An activity centred around observations of dots and how we visualise number arrangement patterns.

I've made some cubes and some cubes with holes in. This challenge invites you to explore the difference in the number of small cubes I've used. Can you see any patterns?

A game for 1 or 2 people. Use the interactive version, or play with friends. Try to round up as many counters as possible.

Imagine a wheel with different markings painted on it at regular intervals. Can you predict the colour of the 18th mark? The 100th mark?

In a square in which the houses are evenly spaced, numbers 3 and 10 are opposite each other. What is the smallest and what is the largest possible number of houses in the square?

Try to picture these buildings of cubes in your head. Can you make them to check whether you had imagined them correctly?

This article for teachers describes a project which explores thepower of storytelling to convey concepts and ideas to children.

Move just three of the circles so that the triangle faces in the opposite direction.

Can you fit the tangram pieces into the outline of Little Ming?

Take it in turns to place a domino on the grid. One to be placed horizontally and the other vertically. Can you make it impossible for your opponent to play?

This challenge involves eight three-cube models made from interlocking cubes. Investigate different ways of putting the models together then compare your constructions.

Here are more buildings to picture in your mind's eye. Watch out - they become quite complicated!

Can you predict when you'll be clapping and when you'll be clicking if you start this rhythm? How about when a friend begins a new rhythm at the same time?

How can you paint the faces of these eight cubes so they can be put together to make a 2 x 2 cube that is green all over AND a 2 x 2 cube that is yellow all over?

Can you split each of the shapes below in half so that the two parts are exactly the same?

If you can post the triangle with either the blue or yellow colour face up, how many ways can it be posted altogether?

This article for teachers describes how modelling number properties involving multiplication using an array of objects not only allows children to represent their thinking with concrete materials,. . . .

A hundred square has been printed on both sides of a piece of paper. What is on the back of 100? 58? 23? 19?

Can you fit the tangram pieces into the outline of Little Ming and Little Fung dancing?

Here's a simple way to make a Tangram without any measuring or ruling lines.

What happens when you turn these cogs? Investigate the differences between turning two cogs of different sizes and two cogs which are the same.

Can you fit the tangram pieces into the outline of this sports car?

Billy's class had a robot called Fred who could draw with chalk held underneath him. What shapes did the pupils make Fred draw?

Can you fit the tangram pieces into the outline of this goat and giraffe?

These points all mark the vertices (corners) of ten hidden squares. Can you find the 10 hidden squares?

This article looks at levels of geometric thinking and the types of activities required to develop this thinking.

A game for 2 players. Given a board of dots in a grid pattern, players take turns drawing a line by connecting 2 adjacent dots. Your goal is to complete more squares than your opponent.

Reasoning about the number of matches needed to build squares that share their sides.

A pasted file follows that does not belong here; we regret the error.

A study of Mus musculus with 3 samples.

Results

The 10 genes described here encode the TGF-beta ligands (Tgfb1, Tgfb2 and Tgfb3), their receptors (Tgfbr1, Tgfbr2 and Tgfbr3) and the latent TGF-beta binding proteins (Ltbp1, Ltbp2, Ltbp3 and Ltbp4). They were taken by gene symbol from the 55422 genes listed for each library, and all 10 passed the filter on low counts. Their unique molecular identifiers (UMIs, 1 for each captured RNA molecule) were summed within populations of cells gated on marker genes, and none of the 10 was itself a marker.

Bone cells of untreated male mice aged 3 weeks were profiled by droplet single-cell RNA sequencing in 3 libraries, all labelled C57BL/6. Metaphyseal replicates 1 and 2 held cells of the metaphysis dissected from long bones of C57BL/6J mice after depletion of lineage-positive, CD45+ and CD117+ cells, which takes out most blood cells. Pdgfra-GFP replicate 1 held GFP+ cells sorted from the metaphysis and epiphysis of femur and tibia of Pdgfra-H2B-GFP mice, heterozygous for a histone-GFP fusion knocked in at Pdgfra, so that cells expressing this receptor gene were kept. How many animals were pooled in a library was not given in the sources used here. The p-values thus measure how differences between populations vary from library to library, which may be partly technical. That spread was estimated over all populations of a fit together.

An extension of noughts and crosses in which the grid is enlarged and the length of the winning line can to altered to 3, 4 or 5.

Each of the nets of nine solid shapes has been cut into two pieces. Can you see which pieces go together?

Can you arrange the shapes in a chain so that each one shares a face (or faces) that are the same shape as the one that follows it?

You have been given three shapes made out of sponge: a sphere, a cylinder and a cone. Your challenge is to find out how to cut them to make different shapes for printing.

How can the same pieces of the tangram make this bowl before and after it was chipped? Use the interactivity to try and work out what is going on!

Where can you put the mirror across the square so that you can still "see" the whole square? How many different positions are possible?

A magician took a suit of thirteen cards and held them in his hand face down. Every card he revealed had the same value as the one he had just finished spelling. How did this work?

Investigate the number of paths you can take from one vertex to another in these 3D shapes. Is it possible to take an odd number and an even number of paths to the same vertex?

Can you cut a regular hexagon into two pieces to make a parallelogram? Try cutting it into three pieces to make a rhombus!

Use the three triangles to fill these outline shapes. Perhaps you can create some of your own shapes for a friend to fill?

Can you fit the tangram pieces into the outlines of Mai Ling and Chi Wing?

Can you fit the tangram pieces into the outlines of the candle and sundial?

If you split the square into these two pieces, it is possible to fit the pieces together again to make a new shape. How many new shapes can you make?

Can you fit the tangram pieces into the outlines of the watering can and man in a boat?

Which of these dice are right-handed and which are left-handed?

A shape and space game for 2,3 or 4 players. Be the last person to be able to place a pentomino piece on the playing board. Play with card, or on the computer.

Investigate how the four L-shapes fit together to make an enlarged L-shape. You could explore this idea with other shapes too.

Here are shadows of some 3D shapes. What shapes could have made them?

Can you fit the tangram pieces into the outlines of the workmen?

Can you fit the tangram pieces into the outline of these rabbits?